Nieman Foundation at Harvard
The New York Times now allows subscribers to “gift” articles to non-subscribers
ABOUT                    SUBSCRIBE
Oct. 13, 2010, 6 p.m.

Links on Twitter: Reuters to roll out a morning show, NPR revamping its comments strategy, BU and Globe go hyperlocal together

Is the future of news college kids? Another university launches a hyperlocal project »

People “love to see themselves in the news, and for @CaliforniaWatch, that means covering what they’re invested in” »

Handy: Top 5 Android apps for journalists endorsed by @10000words »

Substitute “coffee drinks” for “news stories,” and… (via @romeneskoblogs»

Many iPad users aren’t early tech adopters, an interesting challenge for designers »

NPR hires help for online comments, may explore pre-moderating commenters »

Four public media outlets want to grow to 100 journalists per city within months » to roll out a online video “morning show” »

Join the 50,000 who get the freshest future-of-journalism news in our daily email.
The New York Times now allows subscribers to “gift” articles to non-subscribers
The gifted articles won’t count towards the limited number of articles that non-subscribers can click before hitting a paywall and recipients have 14 days to read ’em.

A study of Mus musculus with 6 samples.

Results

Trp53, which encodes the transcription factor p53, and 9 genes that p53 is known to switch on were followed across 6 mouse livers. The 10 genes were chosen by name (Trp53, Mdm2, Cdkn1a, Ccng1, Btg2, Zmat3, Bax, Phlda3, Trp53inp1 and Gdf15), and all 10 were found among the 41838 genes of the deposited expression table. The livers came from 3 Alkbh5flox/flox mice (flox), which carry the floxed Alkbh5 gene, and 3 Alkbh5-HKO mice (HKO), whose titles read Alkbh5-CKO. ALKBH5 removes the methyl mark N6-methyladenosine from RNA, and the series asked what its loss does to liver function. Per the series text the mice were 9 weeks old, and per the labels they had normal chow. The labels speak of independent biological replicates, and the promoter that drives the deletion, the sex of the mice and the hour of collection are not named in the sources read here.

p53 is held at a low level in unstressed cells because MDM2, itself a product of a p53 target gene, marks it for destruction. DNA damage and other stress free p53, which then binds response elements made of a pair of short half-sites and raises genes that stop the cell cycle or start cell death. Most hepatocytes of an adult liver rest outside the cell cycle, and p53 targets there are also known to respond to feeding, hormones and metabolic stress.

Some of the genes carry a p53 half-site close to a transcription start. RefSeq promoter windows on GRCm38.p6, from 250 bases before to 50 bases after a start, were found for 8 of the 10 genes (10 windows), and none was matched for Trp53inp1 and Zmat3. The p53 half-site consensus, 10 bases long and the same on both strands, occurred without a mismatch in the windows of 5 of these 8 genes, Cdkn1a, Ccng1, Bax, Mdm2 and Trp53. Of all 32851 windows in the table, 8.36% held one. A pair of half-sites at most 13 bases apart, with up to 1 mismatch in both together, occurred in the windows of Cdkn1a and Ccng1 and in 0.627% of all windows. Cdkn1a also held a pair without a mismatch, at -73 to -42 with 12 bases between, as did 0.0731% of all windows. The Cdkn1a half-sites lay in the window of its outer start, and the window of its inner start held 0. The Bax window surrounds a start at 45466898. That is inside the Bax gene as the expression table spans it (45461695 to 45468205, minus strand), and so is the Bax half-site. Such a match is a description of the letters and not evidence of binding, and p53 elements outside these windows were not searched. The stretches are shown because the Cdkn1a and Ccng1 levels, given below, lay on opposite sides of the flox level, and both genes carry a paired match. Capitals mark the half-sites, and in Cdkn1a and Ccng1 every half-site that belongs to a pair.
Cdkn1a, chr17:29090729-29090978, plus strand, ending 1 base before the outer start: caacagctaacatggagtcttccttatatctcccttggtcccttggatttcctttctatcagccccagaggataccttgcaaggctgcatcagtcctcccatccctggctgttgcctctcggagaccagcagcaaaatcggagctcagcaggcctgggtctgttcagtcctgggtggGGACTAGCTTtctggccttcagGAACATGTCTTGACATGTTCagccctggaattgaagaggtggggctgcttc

Alden Global Capital and Tribune’s board are dancing at the edge of the law
Tribune board members acted in their own interests, not their newspaper chain’s, while Alden failed to disclose a secret investor meeting and misrepresented its cash position.
Two continents, two political systems — and two attempts to change how online media gets regulated
The U.K. wants to regulate Netflix and other streaming services the same way it does British TV networks — including punishments for “bias” and “inaccuracy.” Meanwhile, Nigeria wants to do something similar, but in a more authoritarian context.